I filched an apple. I was seven years old.
I was thirteen when I spotted the bag of fresh rolls and bread left in the restaurant’s doorway. After that I had fresh baked something every day for breakfast but not always from the same restaurant or grocery store. Variety is good.
In high school I worked in the super market and noticed that women leave their purses with coupons open in the baby seat of their carriage while they molest the fruits and vegetables. One wallet a month was my limit.
College kids are trustworthy and don’t lock their dorm rooms. Mealtime was always a good time to visit.
I borrowed my English Professor’s wife—also, since I worked in the main office I knew when the department heads would be away on trips. They should be ashamed of the personal things they left for people to find. I confronted them directly and extracted something of value—a grade, the use of their car and even a little cash, but never too greedy.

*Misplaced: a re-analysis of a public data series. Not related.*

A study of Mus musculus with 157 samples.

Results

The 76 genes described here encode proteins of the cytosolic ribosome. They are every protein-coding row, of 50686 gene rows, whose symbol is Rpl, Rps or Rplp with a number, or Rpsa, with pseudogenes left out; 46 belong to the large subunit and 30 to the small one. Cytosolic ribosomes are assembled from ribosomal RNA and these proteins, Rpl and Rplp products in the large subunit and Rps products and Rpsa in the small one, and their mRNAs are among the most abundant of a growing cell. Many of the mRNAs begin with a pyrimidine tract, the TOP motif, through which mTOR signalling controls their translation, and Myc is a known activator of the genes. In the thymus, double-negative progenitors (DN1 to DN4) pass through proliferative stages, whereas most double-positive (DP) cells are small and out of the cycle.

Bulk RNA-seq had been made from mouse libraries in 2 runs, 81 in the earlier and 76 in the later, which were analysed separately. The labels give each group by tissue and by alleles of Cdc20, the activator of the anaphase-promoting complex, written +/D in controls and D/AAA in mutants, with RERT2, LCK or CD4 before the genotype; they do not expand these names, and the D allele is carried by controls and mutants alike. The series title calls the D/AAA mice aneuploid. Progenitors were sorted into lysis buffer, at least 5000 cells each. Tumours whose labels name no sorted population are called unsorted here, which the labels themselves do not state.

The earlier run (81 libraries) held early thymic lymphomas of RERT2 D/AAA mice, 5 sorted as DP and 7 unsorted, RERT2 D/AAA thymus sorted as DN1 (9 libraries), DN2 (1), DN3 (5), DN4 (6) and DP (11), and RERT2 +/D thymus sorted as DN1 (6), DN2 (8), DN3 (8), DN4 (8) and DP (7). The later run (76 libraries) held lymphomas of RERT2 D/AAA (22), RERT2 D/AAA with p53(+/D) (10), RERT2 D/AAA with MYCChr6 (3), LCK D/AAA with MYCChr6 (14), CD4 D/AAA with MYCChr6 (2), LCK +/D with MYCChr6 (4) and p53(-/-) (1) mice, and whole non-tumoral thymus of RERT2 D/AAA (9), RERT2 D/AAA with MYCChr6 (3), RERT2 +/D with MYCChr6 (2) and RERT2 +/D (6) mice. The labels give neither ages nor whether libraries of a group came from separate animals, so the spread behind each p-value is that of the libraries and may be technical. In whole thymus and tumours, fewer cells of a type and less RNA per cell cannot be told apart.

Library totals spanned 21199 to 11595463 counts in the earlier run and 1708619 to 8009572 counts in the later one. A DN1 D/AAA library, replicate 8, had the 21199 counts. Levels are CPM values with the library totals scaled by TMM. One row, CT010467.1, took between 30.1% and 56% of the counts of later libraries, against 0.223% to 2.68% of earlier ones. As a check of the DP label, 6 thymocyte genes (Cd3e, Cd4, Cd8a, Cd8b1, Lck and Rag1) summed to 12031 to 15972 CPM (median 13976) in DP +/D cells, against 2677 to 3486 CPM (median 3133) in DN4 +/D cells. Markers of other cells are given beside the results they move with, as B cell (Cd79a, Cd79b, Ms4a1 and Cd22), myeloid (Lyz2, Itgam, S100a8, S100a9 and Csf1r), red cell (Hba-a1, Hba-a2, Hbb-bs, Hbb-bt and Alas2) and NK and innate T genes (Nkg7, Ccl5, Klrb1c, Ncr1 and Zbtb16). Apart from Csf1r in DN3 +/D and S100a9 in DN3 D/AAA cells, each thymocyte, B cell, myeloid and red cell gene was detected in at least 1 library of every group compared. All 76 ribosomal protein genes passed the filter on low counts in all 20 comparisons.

I’m married now with two kids, a ranch house in the suburbs and a good job. Unlike my early years when I justified my action by my low socioeconomic conditions—I just accept who I am and despite all the so-called normal things I do I still have my “hobby” to keep me sharp. Your pen? Is this your pen? Sorry. All Mont Blancs look the same. Don’t you think?
PAUL BECKMAN is a real estate salesman, a writer, snorkeler, traveler and photographer. He specializes in the short story, flash fiction & briefs (stories under 50 words). Paul prints stories on postcard stock and mails them anonymously to friends of friends. Work has appeared in THE CONNECTICUT REVIEW, PLAYBOY, 5 TROPE, OTHER VOICES, WEB DEL SOL , JEWISH CURRENTS, PITTSBURGH FLASH FICTION GAZETTE, RIVERBABBLE, EXQUISITE CORPSE, COLLECTEDSTORIES.COM, OPIUM, CLEAN SHEETS, & THUG LIT.